State sued over land deal
The government is being sued by an empowerment consortium for R670-million after allegedly torpedoing a deal to buy Eastern Cape forest land.
The land reform case will be played out in the High Court in Pretoria tomorrow.
PG Bison, owned by JSE-listed furniture multinational Steinhoff, is accused of trying to bribe key government officials to ensure they won the deal.
They are accused of bribing the head of land reform in the Eastern Cape to ensure that a deal signed between the Maluti consortium, who have lodged the application, and Mondi did not go through.
Maluti thought they had bought 76000ha of prime timber forests for R200-million, with the bulk of it coming from government.
The consortium had structured the deal so that 9000 people living in the poverty-stricken region between Maclear, Ugie and Elliot would own 70% of the land.
The case comes weeks after Minister of Land Reform Gugile Nkwinti released a policy paper proposing curbs on foreign land ownership and suggesting the constitution be changed to speed up land transfers from whites to blacks.
Less than 10% of land has been transferred to blacks since 1994, shy of government's 2014 target of 30%.
In November 2004, Mondi and the Industrial Development Corporation accepted Maluti's offer.
Maluti then signed a deal with the Department of Land Affairs which would result in Maluti providing R20-million and the government R180-million in land grants.
The Sunday Times has also established that, soon after the deal was signed, provincial land reform head Malerato Nkonyane was approached by PG Bison's empowerment partner, Sabelo Macingwane, to pull the plug on the deal "so Steinhoff can take over".
These claims are made in a letter she apparently wrote to then president Thabo Mbeki - in the paper's possession and dated March 2005 - asking him to intervene.
She said: "[Macingwane] said he had already agreed with senior officials in the department, and if I was going to go along with the plan, he promises that they would take care of me for the rest of my life.
"When I indicated that this sounded like a bribe, he said since he had talked to the senior officials in the department [and] if I did not go along with his plan, he was capable of rocking the boat."
A few days later, Nkonyane was suspended and remained suspended on full pay for three years until she was cleared of charges against her in 2008.
During her suspension, the Department of Land Affairs sent a letter to Maluti on April 5 2005 saying it "cannot see its way clear to proceeding with this project, which does not comply with [various laws, and] is not considered to be a land reform project".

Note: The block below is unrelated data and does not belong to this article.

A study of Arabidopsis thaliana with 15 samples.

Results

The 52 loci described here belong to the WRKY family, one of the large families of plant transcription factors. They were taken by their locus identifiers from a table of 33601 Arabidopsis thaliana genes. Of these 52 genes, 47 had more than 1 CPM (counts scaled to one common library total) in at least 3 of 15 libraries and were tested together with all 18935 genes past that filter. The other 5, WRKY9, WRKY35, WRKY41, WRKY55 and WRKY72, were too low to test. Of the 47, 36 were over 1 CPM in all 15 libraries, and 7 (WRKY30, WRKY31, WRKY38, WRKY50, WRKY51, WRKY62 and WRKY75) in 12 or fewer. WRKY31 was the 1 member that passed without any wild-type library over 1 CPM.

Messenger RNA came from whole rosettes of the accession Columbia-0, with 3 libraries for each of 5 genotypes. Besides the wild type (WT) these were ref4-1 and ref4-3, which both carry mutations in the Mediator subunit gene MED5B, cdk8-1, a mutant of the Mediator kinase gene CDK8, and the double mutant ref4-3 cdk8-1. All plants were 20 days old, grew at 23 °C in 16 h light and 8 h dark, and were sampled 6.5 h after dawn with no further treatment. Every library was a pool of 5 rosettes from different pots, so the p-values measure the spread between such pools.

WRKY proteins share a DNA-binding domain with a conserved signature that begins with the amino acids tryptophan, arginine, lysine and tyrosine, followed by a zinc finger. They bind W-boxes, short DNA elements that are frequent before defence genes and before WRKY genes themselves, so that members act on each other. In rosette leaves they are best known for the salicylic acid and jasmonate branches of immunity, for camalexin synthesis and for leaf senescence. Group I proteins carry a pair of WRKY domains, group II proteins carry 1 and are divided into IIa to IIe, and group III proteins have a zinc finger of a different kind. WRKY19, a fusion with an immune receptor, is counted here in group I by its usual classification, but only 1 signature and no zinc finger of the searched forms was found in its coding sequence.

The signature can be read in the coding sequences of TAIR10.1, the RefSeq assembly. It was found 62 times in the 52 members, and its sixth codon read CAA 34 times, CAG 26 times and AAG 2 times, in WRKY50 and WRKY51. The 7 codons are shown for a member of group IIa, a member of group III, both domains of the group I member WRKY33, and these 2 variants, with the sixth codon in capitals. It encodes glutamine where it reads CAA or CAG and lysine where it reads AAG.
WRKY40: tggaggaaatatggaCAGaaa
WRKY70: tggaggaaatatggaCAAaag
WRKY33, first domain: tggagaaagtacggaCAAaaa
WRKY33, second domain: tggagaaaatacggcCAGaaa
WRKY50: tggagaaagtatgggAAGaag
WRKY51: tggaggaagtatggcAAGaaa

The department then tried to sue Nkonyane, Maluti and some of its own officials for the R3.8-million already paid to get the project going.
Maluti hit back with its own counter-claim for R670.9-million, plus interest, for the thwarted deal.
In its legal papers, the government rejected Maluti's claim, saying Nkonyane didn't have authority to authorise such a deal. Only former finance minister Trevor Manuel could have bound the government for that amount.
When contacted this week, Macingwane admitted that he had put the deal together for PG Bison, but denied the bribe claims. "It was owned by Mondi and Anglo American, and I went to Lazarus Zim to broker the deal, and that's how [PG Bison] got it," he said.
He denied offering a bribe to Nkonyane, saying he "couldn't remember meeting her".
"Why should I [have done that]? Assuming I were to have done it, what would I gain?"
Stephan Grobler, a director of both PG Bison and Steinhoff, said neither company bribed anyone to get the deal. "We vehemently deny that. There would never have been any instructions to anyone like that," he said.
He said the deal was with Mondi and only required Competition Commission approval, so there was no need to get approval from any land officials anyway.
This week, Maluti director Lucky Twala said it was ironic, given the slow pace of land reform, that PG Bison landed the deal.
"It would have been the biggest land reform project in South Arica at that stage, so this is a big missed opportunity," he said.
Twala claimed that one of Maluti's directors was also offered a bribe "to swing this in favour of Steinhoff" at the Fancourt golf estate in the Western Cape. When this was rejected, land affairs officials were approached to thwart Maluti's deal, he said.
As to the court action, land reform's director-general Mdu Shabane said the department didn't "owe them that amount of money".
"But until the court decides on it, I can't go into further detail."
Shabane rejected Twala's view that the matter represented a missed opportunity for land reform.
"I really wish it would have benefited the people, but I think the facts are different."
He said some of Maluti's claims were "completely false".